Obama Apologizes To Ousted USDA Official
NPR's national political correspondent Mara Liasson has the latest.
MARA LIASSON: The story had all the ingredients for a media spectacle: false charges of racism against an African-American official, a right-wing Internet provocateur, round-the-clock cable news coverage, and an administration admitting it had rushed to judgment and thoroughly blown the case.
Yesterday, Shirley Sherrod said she wanted a conversation, not an apology, from the president. But today, she got both. After several tries by the White House operator to reach Sherrod, who had spent most of yesterday in the CNN studios in Atlanta, the president and Sherrod finally connected at 12:30 today. After the call, Sherrod said the president was very easy to talk to, and that she'd invited him to visit South Georgia.
Ms. SHIRLEY SHERROD (Former Director of Rural Development, U.S. Department of Agriculture, Georgia): It was great. You know, he's the president of the United States of America, and I respect him as that. I appreciate him as that.
LIASSON: According to White House press secretary Robert Gibbs, the conversation lasted seven minutes. The president told her that this apparent misfortune can present an opportunity for her to continue her work on behalf of those in need.
Mr. ROBERT GIBBS (White House Press Secretary): She's got a remarkable story. He expressed his apologies for the events of the last several days. This is a woman who has a unique set of experiences, both before this incident and now. He thought she was very gracious.
LIASSON: Sherrod has been a farmer and a civil rights activist. She was 17 when her father was shot and killed by a white man. A grand jury later refused to bring murder charges. Before speaking to the president, Sherrod described what she wanted him to know.
Ms. SHERROD: You know, I'd like to talk to him a little bit about the experience of - the experiences of people like me, people at the grassroot level, people who live out there in rural America, people who live in the South. I know he does not have that kind of experience. Let me help him a little bit with how we think, how we live.
LIASSON: Sherrod has now received apologies from the president, the Agriculture secretary and Fox News host Bill O'Reilly, who said he should have done his homework before airing the clip from her talk. But she has not received an apology from Andrew Breitbart, the conservative blogger who posted the out-of-context video of her speech to a local chapter of the NAACP. That posting, on Breitbart's website on Monday, started the whole flap. And today, Sherrod said he was willing to destroy her in his attempt to attack the NAACP.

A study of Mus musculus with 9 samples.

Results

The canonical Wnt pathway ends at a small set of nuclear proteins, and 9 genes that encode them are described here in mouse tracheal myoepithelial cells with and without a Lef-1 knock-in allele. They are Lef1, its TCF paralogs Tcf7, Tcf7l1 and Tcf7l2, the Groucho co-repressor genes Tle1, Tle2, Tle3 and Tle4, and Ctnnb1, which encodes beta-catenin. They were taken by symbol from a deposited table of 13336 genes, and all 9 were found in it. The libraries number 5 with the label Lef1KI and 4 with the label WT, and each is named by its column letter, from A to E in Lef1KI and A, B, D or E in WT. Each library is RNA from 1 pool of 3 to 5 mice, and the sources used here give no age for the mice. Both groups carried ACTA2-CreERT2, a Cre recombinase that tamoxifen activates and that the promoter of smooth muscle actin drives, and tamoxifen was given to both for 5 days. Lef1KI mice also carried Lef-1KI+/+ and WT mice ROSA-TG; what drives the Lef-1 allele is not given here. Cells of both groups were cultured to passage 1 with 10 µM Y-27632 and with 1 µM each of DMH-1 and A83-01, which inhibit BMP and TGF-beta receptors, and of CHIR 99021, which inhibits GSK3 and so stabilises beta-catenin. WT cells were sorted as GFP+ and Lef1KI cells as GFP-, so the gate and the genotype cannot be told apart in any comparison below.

Here's Breitbart explaining his own objectives on CNN.
Mr. ANDREW BREITBART (News Publisher, Breitbart.com and Breitbart.tv): This was not about Shirley Sherrod. This was about the NAACP attacking the Tea Party, and this is showing racism at an NAACP event. I did not ask for Shirley Sherrod to be fired. I did not ask for any repercussions for Shirley Sherrod.
LIASSON: Breitbart was angry that the NAACP had condemned elements within the Tea Party that the organization viewed as racist. Breitbart wanted Sherrod's speech to show there was reverse racism inside the NAACP.
The NAACP, like almost everyone else in the story, ended up with egg on its face. Although their Georgia chapter had the full videotape of Sherrod's speech all along, the president of the national organization condemned her remarks before he had listened to the whole tape. And the Obama White House ended up letting a furor over a two-minute clip of video on a conservative website overshadow what they wanted to be the big news stories this week: the signing of the historic financial regulatory bill, and the extension of benefits for the long-term unemployed.
Mara Liasson, NPR News, the White House.